A fourth day of gains lifted the ASX 200 33 points or 0.5 per cent to 6719 by mid-session. At its peak this morning the index was just 120 points or less than 2 per cent from its all-time high in November 2007. 

Bank stocks spearheaded the rally after independent Tasmanian senator Jacqui Lambie confirmed she will vote for the government’s $158 billion income tax cut plan, handing the government the numbers to pass the bill in the Senate today. The tax plan passed the Lower House last night with Labor support. 

The big banks have been in retreat this week amid questions over their ability to sustain profit margins in a record low-interest rate environment. They bounced back this morning at the prospect that Australians will have more disposable cash in their pockets. CBA tacked on 1.3 per cent, ANZ 1.4 per cent, NAB 1 per cent and Westpac 1.2 per cent.

Woolworths continued to find willing buyers after yesterday unveiling plans to spin out its pub and bottle shop holdings into a separate company. The supermarket giant today rose 0.7 per cent. Rival Coles was flat. Health giant CSL was also strong, gaining 1.7 per cent. 

The big two iron ore miners retreated in early action, but trimmed their losses as the morning wore on. BHP was lately off 0.1 per cent and Rio Tinto 0.3 per cent following falls last night in their overseas listings. 

In economic news, soft retail sales data kept another rate cut firmly on the agenda. May sales were 0.1 per cent stronger than the month before, but fell short of the 0.2 per cent rebound predicted by economists.

What’s hot today and what’s not:

Hot today: shares in Pura Vida Energy jumped 65 per cent after the thinly-traded oil explorer announced a deal to drill for crude and gas in Poland. The agreement with UK company Gemini Resources gives the company a 35 per cent interest in what the Pura Vida describes as two “potentially large unconventional resource plays”. The company intends to fund the drilling with a placement to stockholders.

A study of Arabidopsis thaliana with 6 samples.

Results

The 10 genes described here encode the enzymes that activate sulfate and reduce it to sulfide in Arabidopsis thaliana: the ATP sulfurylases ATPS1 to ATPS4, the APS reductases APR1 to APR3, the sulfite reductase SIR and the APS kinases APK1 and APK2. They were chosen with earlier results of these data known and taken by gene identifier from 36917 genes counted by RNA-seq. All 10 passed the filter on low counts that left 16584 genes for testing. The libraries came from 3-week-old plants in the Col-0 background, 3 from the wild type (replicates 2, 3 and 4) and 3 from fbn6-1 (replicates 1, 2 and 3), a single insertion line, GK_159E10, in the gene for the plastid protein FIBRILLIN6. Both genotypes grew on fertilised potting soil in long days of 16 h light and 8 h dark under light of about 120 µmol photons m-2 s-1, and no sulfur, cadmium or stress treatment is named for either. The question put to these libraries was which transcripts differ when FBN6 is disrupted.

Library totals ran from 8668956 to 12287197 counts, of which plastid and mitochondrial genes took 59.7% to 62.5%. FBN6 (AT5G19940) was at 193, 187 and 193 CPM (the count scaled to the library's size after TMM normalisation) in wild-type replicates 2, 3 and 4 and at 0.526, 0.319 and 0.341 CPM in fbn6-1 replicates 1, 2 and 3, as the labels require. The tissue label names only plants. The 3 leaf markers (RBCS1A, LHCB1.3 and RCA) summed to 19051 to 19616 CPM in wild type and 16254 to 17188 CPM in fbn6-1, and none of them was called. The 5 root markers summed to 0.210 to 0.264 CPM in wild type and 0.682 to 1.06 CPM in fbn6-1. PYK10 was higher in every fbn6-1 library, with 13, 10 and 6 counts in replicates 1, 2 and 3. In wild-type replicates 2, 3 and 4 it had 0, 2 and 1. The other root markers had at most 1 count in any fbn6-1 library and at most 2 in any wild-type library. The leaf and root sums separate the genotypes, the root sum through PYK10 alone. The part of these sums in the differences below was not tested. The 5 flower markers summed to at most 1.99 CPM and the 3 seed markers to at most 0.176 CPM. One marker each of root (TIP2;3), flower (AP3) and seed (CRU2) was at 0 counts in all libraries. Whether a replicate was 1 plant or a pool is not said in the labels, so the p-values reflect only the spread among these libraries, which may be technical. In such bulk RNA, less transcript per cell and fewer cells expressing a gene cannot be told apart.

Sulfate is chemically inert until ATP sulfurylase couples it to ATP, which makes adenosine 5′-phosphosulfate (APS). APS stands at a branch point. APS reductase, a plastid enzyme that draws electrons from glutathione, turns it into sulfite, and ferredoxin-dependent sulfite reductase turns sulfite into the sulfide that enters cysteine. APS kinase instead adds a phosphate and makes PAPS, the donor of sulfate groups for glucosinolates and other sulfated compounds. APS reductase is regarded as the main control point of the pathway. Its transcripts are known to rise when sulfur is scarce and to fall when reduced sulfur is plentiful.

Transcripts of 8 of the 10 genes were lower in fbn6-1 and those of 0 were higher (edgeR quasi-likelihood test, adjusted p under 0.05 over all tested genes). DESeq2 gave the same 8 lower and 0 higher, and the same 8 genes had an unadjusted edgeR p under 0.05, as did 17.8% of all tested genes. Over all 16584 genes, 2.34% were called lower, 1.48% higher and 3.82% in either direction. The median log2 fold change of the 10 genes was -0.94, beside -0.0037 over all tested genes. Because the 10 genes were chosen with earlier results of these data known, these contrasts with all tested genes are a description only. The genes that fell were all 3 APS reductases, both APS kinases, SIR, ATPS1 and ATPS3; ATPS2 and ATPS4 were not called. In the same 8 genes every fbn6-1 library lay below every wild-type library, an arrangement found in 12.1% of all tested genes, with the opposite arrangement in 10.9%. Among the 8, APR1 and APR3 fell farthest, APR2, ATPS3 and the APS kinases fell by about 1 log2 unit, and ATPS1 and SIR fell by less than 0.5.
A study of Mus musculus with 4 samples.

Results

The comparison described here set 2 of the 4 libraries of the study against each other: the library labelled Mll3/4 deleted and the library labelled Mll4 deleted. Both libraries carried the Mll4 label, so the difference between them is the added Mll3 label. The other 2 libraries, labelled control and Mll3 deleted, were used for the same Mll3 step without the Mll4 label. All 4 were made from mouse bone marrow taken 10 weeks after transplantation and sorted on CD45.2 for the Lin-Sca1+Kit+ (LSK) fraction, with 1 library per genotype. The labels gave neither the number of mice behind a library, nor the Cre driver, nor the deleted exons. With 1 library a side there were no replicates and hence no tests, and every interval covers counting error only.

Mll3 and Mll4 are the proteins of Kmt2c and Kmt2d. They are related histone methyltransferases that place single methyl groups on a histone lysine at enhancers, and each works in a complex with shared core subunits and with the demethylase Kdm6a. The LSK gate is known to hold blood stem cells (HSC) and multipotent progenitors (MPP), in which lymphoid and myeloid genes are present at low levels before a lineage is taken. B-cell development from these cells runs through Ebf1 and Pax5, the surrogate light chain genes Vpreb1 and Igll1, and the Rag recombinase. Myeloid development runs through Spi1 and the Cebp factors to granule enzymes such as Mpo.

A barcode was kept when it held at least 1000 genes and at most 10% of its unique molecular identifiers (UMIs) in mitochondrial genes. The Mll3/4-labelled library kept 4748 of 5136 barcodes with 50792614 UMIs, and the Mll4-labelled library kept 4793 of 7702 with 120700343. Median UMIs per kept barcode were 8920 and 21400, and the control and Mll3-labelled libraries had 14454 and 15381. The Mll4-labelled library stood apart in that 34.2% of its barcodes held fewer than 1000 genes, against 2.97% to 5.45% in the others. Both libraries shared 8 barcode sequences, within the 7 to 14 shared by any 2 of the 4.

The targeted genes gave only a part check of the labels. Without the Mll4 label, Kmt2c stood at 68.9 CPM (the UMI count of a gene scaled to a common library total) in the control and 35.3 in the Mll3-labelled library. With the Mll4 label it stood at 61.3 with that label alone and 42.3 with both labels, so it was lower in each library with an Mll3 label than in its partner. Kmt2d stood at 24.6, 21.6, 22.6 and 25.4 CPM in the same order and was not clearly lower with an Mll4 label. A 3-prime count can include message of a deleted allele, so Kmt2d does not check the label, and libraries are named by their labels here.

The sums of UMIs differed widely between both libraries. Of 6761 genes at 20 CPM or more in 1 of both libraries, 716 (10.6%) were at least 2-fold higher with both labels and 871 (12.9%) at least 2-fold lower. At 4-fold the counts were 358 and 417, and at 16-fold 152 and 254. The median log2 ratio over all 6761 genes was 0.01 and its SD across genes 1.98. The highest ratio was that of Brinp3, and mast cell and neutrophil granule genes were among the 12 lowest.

Not today: junior biotech Neuroscientific tripled in value on Tuesday when the company announced promising results from trials of a drug with possible applications for Alzheimer’s, MS and Parkinson’s Disease. The euphoria has abated somewhat in succeeding days, with the share price this morning falling more than 11 per cent to 31.5 cents after peaking yesterday at 43.5 cents. 

US index futures were predictably flat ahead of tonight’s Independence Day market holiday. However, traders heading home for the holiday received a late boost after White House economic advisor Larry Kudlow told reporters that trade negotiators have spoken and will schedule face-to-face talks to begin “soon”. 

Asian markets saw slender gains. China’s Shanghai Composite put on less than 0.1 per cent. Hong Kong’s Hang Seng and Japan’s Nikkei both gained 0.3 per cent. 

Turning to commodity markets, gold added to last night’s six-year high. Gold futures inched up $1.10 or 0.1 per cent this morning to $US1,422 an ounce. Texas crude futures eased 36 cents or 0.6 per cent to $US56.98 a barrel. 

On currency markets, the dollar was flat at 70.3 US cents.